Because Republican Rep. Darrell Issa's hearing "Lines Crossed: Separation of Church and State. Has the Obama Administration Trampled on Freedom of Religion and Freedom of Conscience?" is a very serious matter that is all about religious freedom and not at all about birth control, no siree, it can only feature the testimony of very serious religious persons whose freedom is important. And when Darrell Issa's running the hearing, only men who agree with Darrell Issa deserve a platform to speak about their freedoms.
As Kaili Joy Gray wrote yesterday, "Issa won't be hearing from any of the nearly two dozen religious groups who have no problem with the Obama administration's new health care policy to require insurance coverage of birth control." That list of the uninvited includes "representatives from the Catholic Health Association, which is run by a woman and actually runs the Catholic hospitals, nor Catholic Charities, both of which said Friday they supported the president’s plan."
Rep. Elijah Cummings, the ranking Democrat on the Oversight Committee, asked to invite a witness, but, as Cummings recounts:
When my staff inquired about requesting minority witnesses for this hearing, we were informed that you would allow only one. Based on your decision, we requested as our minority witness a third-year Georgetown University Law Center student named Sandra Fluke. I believed it was critical to have at least one woman at the witness table who could discuss the repercussions that denying coverage for contraceptives has on women across this country.Fluke had been chosen to talk "about a classmate who lost an ovary because of a syndrome that causes ovarian cysts. Georgetown, which is affiliated by the Catholic Church, does not insure birth control, which is also used to treat the syndrome." But that's unrelated to the topic of the hearing, at which women don't count because it's not about birth control, it's about the religious freedom to deny birth control coverage, and that's different. Religious organizations that support the administration's position don't count because ... well, they don't.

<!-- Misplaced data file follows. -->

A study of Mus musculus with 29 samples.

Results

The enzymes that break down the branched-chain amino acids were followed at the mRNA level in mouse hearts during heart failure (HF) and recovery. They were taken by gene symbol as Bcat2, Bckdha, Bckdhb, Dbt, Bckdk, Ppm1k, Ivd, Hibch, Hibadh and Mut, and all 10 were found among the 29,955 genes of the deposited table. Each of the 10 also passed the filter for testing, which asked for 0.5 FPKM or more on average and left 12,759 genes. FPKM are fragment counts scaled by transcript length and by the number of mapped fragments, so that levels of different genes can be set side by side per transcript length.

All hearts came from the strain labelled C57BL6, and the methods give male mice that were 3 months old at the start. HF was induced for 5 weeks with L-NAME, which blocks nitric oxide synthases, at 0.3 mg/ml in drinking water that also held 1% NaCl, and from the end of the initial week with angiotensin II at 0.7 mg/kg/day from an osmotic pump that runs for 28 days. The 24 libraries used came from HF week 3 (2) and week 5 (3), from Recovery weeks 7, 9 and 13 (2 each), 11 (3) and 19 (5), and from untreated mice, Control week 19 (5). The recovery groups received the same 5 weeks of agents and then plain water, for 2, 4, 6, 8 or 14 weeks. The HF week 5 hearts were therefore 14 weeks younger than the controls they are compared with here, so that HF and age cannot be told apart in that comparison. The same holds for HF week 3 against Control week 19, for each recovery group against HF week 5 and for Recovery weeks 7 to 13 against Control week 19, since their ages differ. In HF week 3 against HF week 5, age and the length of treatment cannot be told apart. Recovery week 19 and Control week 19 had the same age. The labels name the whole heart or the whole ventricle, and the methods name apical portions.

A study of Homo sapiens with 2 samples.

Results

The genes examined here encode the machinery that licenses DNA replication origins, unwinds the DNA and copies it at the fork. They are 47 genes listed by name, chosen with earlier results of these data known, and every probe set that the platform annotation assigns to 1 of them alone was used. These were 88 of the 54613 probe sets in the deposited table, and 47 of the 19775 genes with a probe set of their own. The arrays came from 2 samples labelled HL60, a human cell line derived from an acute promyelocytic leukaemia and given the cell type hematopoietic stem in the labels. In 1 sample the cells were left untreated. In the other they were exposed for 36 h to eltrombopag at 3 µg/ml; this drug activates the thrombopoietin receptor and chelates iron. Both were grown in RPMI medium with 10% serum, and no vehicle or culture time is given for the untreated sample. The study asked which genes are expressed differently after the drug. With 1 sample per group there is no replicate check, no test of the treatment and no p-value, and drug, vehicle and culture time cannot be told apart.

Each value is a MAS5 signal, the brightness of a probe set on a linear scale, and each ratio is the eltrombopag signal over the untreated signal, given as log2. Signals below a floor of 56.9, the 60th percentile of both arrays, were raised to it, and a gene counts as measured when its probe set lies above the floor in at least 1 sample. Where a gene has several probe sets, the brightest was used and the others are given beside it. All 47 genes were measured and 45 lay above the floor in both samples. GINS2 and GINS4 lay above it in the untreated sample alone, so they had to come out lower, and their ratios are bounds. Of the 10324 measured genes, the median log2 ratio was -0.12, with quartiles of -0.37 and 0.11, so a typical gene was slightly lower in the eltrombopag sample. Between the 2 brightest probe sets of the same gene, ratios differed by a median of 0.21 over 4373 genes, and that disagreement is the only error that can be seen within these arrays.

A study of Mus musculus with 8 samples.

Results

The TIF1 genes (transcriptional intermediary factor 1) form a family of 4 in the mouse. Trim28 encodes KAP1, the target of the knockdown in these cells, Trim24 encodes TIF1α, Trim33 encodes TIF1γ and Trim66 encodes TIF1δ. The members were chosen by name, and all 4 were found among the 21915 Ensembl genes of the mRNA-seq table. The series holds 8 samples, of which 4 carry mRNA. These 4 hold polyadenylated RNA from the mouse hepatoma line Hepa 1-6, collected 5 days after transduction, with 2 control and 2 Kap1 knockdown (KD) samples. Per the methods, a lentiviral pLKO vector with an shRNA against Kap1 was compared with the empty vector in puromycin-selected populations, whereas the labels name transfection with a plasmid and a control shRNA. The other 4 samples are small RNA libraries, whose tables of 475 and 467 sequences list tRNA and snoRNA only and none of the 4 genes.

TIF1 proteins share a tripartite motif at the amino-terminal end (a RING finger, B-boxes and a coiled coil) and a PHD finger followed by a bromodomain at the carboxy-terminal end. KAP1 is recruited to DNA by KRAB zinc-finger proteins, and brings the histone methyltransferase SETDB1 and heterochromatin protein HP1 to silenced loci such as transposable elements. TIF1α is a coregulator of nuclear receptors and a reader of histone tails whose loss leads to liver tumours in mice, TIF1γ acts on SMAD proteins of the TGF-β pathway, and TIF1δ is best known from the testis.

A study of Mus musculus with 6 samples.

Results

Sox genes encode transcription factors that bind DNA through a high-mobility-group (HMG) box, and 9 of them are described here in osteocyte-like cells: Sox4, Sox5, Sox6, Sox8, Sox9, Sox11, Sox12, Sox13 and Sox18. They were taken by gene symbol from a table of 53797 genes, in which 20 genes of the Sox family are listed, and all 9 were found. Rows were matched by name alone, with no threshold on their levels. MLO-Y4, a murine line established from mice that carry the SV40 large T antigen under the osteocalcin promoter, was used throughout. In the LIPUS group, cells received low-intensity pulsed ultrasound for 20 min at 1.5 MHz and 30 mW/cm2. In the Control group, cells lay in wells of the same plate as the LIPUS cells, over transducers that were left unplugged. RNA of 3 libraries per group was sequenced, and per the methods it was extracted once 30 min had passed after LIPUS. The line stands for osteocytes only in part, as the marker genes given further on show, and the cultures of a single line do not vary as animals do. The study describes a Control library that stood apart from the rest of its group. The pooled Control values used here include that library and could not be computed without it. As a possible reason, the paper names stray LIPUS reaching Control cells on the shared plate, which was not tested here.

In response, your staff relayed that you had decided as follows:
“As the hearing is not about reproductive rights and contraception but instead about the Administration’s actions as they relate to freedom of religion and conscience, he believes that Ms. Fluke is not an appropriate witness.” [...]
Instead of inviting Ms. Fluke to testify, your staff informed us that you planned to invite a different witness who was no longer available after being informed of your decision to limit the minority to a single witness. Compounding this insult, this afternoon you added two more witnesses of your own, in violation of Committee rules requiring three days notice for witnesses called by the majority.
8:41 AM PT: Del. Eleanor Holmes Norton (D-DC), Rep. Carolyn Maloney (D-NY), and Rep. Mike Quigley (D-IL) walked out of the hearing in protest, and Holmes Norton "told reporters in the hallway outside the hearing that she marched out because it was being conducted like an 'autocratic regime.'"
Yeah, if women think the GOP wants anything more from them than to be barefoot, pregnant and in the kitchen, they are sadly mistaken. Even if this hearing was all about religious freedom (read as: White Christian Male religious freedom), which it isn't, the lack of women testifying strikes me more as a move akin to what the Taliban might do.